I really hate to sound like that old-timer complaining about the way things used to be, but I’m going to do it anyway. When I was a child, absolutely every adult was a “big person” that I considered to be all-powerful and all-knowing. From teachers to babysitters, from second cousins to the person at the grocery store check-out, I held my tongue and smiled politely. The balance of power was very clear – there was no balance. It was all tipped on the other side of the scale.

As a kid, I wouldn’t have batted an eye if a neighbor scolded me while I was playing in front of their house. It would never have seemed odd to hear extended family tell me to “Mind my manners.” And I would’ve never, ever ran to my mother assuming that she would take my side over a grown-up who had chastised me.

Alas (these stories always have to use that word, it’s a literary contractual obligation), times are different now. Some parents consider someone else disciplining their children to be the height of insult. And ya know what? Children understand that.

Two days a week, I take a little girl from pre-school to daycare with my daughter when their morning classes end. Her mother works for the school district and isn’t able to leave in the middle of the day. With my more flexible schedule, I volunteered to run the girls back and forth to school.

And two days a week, this little girl asks if I’ll turn on a movie for them to watch on our 3 second drive from pre-school to daycare. In the beginning, I assumed it was a novelty. After all, I think that having a DVD player in the car is kinda nice. And even though I normally don’t let my daughter watch it unless a long trip is involved, I conceded and let the girls watch approximately 5 seconds of Oliver & Company or Monsters vs. Aliens on our trip.

After a while, this routine got to be a little tedious. I had assumed that the glamour of a movie in the car would’ve worn off a little. I started to explain to the girls that it wasn’t a long trip and we didn’t need a movie. During one such conversation, I turned around to see my daughter’s classmate sticking out her tongue and making faces behind my back. She was obviously angry that I was telling her no. When I began to chastise the little girl for making inappropriate faces at an adult, she rolled her eyes.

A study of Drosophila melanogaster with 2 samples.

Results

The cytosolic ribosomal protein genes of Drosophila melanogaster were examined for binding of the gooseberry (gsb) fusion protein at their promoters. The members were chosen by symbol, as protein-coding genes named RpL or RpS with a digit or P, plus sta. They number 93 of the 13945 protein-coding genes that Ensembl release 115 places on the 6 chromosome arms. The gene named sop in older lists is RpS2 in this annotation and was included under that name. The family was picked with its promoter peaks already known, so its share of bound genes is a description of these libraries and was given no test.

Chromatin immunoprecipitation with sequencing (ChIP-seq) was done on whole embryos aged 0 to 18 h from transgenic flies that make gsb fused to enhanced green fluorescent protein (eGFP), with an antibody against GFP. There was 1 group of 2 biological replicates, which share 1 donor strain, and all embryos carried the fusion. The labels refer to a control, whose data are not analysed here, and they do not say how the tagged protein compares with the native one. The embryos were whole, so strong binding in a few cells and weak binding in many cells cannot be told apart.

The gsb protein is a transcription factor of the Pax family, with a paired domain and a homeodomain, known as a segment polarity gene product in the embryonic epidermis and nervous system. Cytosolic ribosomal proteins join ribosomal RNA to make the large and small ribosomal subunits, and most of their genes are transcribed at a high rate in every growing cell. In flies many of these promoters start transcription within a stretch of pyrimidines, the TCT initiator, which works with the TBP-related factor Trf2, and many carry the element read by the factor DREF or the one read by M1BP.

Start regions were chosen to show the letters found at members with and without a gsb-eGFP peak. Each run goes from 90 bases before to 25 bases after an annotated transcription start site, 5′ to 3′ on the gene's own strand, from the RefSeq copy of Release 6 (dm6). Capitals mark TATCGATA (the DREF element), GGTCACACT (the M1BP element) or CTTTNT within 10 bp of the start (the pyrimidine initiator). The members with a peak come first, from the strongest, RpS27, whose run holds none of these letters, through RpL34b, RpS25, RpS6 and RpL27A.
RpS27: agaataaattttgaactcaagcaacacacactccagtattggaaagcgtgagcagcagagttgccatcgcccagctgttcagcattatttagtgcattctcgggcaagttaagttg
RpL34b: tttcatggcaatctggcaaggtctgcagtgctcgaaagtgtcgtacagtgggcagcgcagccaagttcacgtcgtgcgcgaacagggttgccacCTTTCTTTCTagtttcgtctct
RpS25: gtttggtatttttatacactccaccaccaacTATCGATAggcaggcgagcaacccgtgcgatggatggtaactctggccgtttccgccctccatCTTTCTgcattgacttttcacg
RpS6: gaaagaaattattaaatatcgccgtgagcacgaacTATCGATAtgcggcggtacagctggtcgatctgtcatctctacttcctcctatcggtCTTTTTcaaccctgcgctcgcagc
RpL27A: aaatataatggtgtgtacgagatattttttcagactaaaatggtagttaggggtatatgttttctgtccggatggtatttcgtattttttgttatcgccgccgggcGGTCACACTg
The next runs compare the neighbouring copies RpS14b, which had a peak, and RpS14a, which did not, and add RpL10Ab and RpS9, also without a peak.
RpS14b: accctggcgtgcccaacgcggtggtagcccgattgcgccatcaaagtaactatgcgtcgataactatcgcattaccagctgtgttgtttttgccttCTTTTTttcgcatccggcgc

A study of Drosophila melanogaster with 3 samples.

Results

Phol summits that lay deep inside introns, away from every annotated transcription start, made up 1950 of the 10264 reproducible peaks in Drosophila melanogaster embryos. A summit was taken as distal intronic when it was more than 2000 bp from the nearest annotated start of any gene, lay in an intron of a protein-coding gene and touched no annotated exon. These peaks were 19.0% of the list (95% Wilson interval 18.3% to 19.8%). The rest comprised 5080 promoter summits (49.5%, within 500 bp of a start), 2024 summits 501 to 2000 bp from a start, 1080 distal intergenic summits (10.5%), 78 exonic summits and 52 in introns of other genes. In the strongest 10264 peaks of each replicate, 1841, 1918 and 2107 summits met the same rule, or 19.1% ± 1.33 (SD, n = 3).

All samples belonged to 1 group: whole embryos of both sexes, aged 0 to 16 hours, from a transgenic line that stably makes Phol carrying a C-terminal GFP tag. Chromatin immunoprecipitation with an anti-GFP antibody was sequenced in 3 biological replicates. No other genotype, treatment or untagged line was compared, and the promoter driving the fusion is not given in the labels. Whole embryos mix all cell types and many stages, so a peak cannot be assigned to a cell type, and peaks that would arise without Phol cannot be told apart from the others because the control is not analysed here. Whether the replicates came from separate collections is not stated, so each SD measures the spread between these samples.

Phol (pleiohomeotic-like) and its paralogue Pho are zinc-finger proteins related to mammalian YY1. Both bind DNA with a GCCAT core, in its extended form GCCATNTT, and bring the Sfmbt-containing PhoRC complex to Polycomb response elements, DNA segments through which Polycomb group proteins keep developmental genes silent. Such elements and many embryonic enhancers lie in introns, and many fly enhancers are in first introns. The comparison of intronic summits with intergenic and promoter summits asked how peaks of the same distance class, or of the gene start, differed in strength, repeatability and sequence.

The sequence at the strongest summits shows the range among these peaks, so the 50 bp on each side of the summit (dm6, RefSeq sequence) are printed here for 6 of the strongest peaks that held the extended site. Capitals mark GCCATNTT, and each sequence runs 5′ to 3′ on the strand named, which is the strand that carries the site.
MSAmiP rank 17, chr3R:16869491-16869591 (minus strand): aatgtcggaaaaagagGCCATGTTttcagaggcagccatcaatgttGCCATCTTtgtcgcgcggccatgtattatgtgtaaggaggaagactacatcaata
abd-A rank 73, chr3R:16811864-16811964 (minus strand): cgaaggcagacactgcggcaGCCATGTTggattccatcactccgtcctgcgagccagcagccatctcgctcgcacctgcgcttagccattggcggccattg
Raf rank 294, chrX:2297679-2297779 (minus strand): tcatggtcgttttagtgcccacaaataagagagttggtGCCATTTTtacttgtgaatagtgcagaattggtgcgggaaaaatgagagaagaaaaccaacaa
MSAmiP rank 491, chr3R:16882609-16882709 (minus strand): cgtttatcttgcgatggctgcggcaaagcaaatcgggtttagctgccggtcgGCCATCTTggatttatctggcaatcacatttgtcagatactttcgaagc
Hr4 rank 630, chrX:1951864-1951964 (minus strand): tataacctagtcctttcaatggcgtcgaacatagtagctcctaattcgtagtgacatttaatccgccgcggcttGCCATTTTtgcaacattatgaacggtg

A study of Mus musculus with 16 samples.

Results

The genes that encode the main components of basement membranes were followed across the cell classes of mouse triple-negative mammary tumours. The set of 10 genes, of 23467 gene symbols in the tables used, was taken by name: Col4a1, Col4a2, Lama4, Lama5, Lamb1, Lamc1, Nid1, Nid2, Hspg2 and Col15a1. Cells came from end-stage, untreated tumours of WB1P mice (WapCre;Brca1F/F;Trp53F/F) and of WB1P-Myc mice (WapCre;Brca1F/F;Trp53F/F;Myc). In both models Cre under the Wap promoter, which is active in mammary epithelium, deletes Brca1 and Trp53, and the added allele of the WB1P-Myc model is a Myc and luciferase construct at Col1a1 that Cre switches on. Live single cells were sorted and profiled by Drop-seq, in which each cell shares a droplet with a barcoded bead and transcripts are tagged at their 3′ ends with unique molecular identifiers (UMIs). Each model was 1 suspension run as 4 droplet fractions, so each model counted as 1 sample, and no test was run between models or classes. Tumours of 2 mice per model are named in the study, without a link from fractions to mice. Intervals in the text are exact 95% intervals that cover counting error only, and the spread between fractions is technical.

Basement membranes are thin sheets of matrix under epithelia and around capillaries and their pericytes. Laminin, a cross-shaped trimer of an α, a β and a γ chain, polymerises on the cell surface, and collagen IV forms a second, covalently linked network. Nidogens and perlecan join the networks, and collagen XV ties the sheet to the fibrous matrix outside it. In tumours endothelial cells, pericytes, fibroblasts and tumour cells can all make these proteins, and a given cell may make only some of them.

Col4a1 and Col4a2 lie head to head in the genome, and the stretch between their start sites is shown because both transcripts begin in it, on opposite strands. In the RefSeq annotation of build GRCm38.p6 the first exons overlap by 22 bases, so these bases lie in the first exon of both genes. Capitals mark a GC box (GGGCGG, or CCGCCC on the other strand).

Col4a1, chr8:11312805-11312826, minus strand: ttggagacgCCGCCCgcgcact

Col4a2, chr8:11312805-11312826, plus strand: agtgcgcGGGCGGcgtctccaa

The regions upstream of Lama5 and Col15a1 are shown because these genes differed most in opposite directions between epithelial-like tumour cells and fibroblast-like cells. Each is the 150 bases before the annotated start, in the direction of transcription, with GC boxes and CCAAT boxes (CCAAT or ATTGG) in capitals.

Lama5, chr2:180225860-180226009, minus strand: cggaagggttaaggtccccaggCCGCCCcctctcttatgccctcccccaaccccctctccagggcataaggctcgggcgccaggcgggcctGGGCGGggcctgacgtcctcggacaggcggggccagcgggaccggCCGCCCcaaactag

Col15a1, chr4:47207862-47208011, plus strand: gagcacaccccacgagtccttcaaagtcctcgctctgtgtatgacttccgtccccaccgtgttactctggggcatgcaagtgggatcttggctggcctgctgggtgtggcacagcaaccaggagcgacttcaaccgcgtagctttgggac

Moms, you know the eyeroll I’m talking about. It’s that exaggerated, “You have know idea what you’re talking about” eyeroll that little girls perfect way too soon. I’ve seen this look from my daughter before and I’m pretty sure that in the right circumstances, it could incite a riot.

In that moment, my disciplinarian came front and center. I got my best glare on and I said, “That makes me very upset to see you behave that way to an adult. I’m sure your mother would be very disappointed. You know better than make faces at a grown-up.”

The little girl, who I know is a sweet child that just happened to make a bad choice, stayed silent for the entire car ride. She didn’t speak to me as she walked in to daycare and sat down to lunch. She never apologized. When our confused daycare provider asked me what the problem was, since angry pre-schoolers aren’t normally subtle with their emotions, I started to explain about our trip home. The girl whispered to her friends, “The problem is that Brenna’s mommy is a jerk.” Don’t you love how when kids whisper, you can always hear them.